York Minster Revealed
In 2005, York Minster began to consider the conservation of the Great East Window, dating from the early 15th century and the largest expanse of medieval stained glass in the country.
Once the final panes of glass are restored to their original positions in 2018, they will have completed the restoration, drawing to a close what became a much wider reaching project with a huge impact on the minster as an organisation.
Vision and project summary
The desire to preserve the glass and stonework of the window led to the design of a much larger, multi-faceted, project.
As well as the conservation objectives, the project aimed to: provide apprenticeships in craft skills; improve intellectual and physical access to the cathedral and its collections; provide new facilities to enhance visitor experience, and redisplay the Undercroft museum. The project, which came in under-budget, cost around £20 million, with a £10.5 million grant from Heritage Lottery Fund (HLF).
The outputs and outcomes for the project included:
- Provision of craft skills apprenticeships
- Improved intellectual and physical access (new ramps, toilets, interpretation of the Great East Window and redisplay of the Undercroft museum);
- A new audience development plan to engage with both new and existing audiences including: schools, families, over 65s, BAME groups;
- Development of a new learning programme.
Since the project, the minster has received positive feedback from visitors on the exhibition, interpretation and new facilities. The minster is now consistently rated among the top five things to do in York on TripAdvisor.
Outputs and outcomes
Conservation and craft skills
The York Glaziers Trust carries out all work associated with the Minster’s 128 windows. As some of the most experienced practitioners in the country, they were able to provide advice on permissions and planning for the project. They have also offered tours of the Bedern Studios in York where much of the conservation work has taken place.
By March 2016, the conservators had returned the glass in the Apocalypse section of the Great East Window to its original position. The conservation of the upper section of the window is still underway and estimated to finish in 2018.
The HLF grant was partly used to fund apprenticeships in stone masonry and stained glass conservation over the course of the project. In 2017 York Minster extended its apprenticeship programme; it offers apprenticeships in a variety of roles from joinery to IT.
Improved access and facilities
In 2003, York Minster began charging for admission which led to increased considerations of visitor experience and needs. During the project, and influenced in part by their relationship with HLF, the minster carried out work to improve the experience for all visitor types, from casual tourist to pilgrim.
The impact of the work is obvious even before a visitor enters the building. It was important to the minster that all visitors should enter the building from the same point, which has led to new ramps being constructed at the main South Transept entrance. This involved remodeling the external landscaping.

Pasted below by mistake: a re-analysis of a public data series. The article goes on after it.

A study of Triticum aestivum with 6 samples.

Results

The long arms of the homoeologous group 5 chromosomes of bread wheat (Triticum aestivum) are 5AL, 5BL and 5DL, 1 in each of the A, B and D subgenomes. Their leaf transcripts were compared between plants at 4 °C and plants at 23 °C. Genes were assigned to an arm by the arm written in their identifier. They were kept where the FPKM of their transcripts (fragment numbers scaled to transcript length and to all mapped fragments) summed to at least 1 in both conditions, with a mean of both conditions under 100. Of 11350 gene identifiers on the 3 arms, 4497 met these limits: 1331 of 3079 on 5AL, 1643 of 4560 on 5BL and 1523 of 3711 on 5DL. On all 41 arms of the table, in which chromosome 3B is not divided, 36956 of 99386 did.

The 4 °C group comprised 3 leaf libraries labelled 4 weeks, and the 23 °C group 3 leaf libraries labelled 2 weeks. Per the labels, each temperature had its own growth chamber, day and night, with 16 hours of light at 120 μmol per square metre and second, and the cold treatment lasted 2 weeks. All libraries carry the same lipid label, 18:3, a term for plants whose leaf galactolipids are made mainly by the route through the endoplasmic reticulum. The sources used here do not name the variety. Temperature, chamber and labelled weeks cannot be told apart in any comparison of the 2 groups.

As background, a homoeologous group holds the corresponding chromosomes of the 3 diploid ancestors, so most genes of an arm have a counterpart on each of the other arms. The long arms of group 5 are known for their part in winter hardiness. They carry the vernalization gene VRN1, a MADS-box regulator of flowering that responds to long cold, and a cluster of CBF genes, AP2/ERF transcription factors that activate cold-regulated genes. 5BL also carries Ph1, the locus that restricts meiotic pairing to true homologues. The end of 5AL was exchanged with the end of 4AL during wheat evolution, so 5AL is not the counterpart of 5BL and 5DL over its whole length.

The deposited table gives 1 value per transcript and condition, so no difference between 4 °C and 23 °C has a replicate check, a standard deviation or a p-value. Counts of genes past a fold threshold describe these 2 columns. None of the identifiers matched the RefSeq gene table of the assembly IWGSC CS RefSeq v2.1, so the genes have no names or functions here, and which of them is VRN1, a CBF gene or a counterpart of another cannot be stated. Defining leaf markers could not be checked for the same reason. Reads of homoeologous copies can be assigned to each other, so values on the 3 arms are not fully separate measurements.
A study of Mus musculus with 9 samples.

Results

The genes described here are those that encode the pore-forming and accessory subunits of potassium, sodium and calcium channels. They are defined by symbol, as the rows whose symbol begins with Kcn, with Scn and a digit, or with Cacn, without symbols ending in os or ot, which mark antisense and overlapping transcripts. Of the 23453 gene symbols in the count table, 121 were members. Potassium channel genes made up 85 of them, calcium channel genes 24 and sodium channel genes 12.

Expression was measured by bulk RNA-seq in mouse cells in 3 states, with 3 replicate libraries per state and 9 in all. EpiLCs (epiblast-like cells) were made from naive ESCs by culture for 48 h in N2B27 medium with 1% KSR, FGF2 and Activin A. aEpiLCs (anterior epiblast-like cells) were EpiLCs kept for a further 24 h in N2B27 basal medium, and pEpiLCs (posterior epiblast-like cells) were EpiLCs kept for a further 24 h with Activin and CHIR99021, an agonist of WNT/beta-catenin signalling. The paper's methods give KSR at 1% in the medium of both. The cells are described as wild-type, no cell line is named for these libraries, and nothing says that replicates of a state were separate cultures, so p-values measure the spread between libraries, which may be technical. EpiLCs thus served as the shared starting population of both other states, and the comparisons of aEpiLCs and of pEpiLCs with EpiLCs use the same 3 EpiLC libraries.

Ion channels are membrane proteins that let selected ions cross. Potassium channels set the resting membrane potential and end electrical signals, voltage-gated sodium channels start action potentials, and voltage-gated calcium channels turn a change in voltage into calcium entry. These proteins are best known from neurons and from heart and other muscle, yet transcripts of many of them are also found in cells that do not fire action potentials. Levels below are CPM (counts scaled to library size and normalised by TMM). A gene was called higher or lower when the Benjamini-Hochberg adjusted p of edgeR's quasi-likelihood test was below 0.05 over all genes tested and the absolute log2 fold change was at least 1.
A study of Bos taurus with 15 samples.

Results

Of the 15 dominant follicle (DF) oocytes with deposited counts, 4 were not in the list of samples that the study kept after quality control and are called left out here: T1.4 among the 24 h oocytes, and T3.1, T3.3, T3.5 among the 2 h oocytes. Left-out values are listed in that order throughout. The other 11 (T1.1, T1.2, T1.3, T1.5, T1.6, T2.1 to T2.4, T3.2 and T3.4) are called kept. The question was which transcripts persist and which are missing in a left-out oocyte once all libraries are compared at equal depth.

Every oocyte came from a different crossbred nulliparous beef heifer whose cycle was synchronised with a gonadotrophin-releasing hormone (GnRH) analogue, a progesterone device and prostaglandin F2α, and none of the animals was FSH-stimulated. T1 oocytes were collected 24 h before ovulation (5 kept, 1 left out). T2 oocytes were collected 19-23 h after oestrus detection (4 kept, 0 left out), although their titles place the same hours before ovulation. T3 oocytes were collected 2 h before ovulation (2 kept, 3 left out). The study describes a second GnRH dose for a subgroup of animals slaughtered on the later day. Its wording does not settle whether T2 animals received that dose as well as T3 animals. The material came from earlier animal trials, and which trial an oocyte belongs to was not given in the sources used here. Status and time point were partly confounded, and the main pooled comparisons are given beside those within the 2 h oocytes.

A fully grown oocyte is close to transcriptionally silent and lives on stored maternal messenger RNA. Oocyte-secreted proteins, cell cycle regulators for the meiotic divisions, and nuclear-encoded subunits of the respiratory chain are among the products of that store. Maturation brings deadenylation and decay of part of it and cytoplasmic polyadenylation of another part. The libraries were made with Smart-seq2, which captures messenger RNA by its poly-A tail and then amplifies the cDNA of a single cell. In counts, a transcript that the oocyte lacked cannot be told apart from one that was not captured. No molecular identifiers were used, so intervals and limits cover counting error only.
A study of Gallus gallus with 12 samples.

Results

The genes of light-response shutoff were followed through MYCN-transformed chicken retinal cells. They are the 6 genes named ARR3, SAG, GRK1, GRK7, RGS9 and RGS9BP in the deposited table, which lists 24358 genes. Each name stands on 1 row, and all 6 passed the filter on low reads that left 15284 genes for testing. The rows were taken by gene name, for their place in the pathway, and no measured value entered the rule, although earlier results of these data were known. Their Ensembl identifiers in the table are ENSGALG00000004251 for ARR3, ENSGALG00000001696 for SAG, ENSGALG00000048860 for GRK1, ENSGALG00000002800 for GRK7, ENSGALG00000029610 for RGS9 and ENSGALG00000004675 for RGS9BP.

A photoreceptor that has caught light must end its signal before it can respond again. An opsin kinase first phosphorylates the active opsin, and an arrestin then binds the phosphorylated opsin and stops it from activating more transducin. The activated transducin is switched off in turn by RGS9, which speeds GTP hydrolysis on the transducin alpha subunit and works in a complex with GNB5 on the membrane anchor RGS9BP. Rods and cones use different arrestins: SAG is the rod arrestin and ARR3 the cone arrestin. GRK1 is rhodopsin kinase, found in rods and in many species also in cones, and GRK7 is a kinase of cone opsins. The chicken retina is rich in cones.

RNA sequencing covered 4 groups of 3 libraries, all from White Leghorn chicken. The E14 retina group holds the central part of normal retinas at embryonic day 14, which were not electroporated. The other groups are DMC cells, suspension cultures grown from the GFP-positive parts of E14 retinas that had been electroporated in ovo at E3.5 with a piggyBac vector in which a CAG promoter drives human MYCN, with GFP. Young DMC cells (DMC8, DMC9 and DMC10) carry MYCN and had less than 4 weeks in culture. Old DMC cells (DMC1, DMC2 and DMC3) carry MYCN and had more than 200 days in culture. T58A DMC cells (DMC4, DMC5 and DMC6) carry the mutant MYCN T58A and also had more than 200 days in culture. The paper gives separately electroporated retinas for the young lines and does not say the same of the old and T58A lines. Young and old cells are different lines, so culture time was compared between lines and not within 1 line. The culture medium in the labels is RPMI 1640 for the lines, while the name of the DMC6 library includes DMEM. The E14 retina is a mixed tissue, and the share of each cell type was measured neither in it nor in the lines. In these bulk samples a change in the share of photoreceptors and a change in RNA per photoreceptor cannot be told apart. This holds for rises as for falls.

Internally, the Undercroft museum and Revealing York Minster exhibition, closed for a year during works, is now fully accessible with the addition of a lift and ramps throughout the exhibition space. The Minster’s toilet facilities have also been remodelled.
The project has had an impact on the worship space. This has mainly been at the East End where work continues on the Great East Window and where for two years a temporary aluminum orb displayed some of the stained glass. Some chapels also hosted temporary exhibitions during the project, and these are gradually being reopened.
As a complex project requiring, among other things, planning permission and Scheduled Monument Consent, the partners and consultees included: Historic England, the York FAC, the CFCE, SPAB, York City Council, Highways Agency (now Highways England) and external contractors.
The project team and Chapter worked very hard in their bid writing and negotiations to ensure that the permissions process went as smoothly as possible.
Grants and funding
The main grant funding for the project came from HLF, who gave £10.5 million, and the minster raised other funds from trusts, such as the All Churches Trust, and private donors.
This was an early HLF funded project in a cathedral and there were some initial misunderstandings around language, expected outcomes and different ways of working.
For example there was some confusion over whether faith narratives could be included in interpretation in an HLF funded project. They can be, providing no religion is promoted over another. Developing a close working relationship with HLF helped to shape the project and move it forward especially in terms of physical and intellectual access.
Working with HLF has contributed to the minster’s understanding of sustainability and their current business model. The Chapter is working to ensure that mission and future projects complement each other. The team at the minster believes that this project has generally helped cathedrals and the HLF to better understand each other and work together.
Reflections and lessons learned
Successfully completing such a large-scale project has given the minster an increased sense of confidence about taking control of future projects and in dealings with external partners and contractors.
The minster stresses the importance of their project team. They recruited externally due to the range of skills required to run and manage a project of this size and complexity. This allowed permanent staff to oversee the project rather than to manage it in addition to their own roles.
Thorough planning and clear lines of communication are required to ensure that the right people are signing off on contracts, meeting with contractors and deciding the remit of the project team.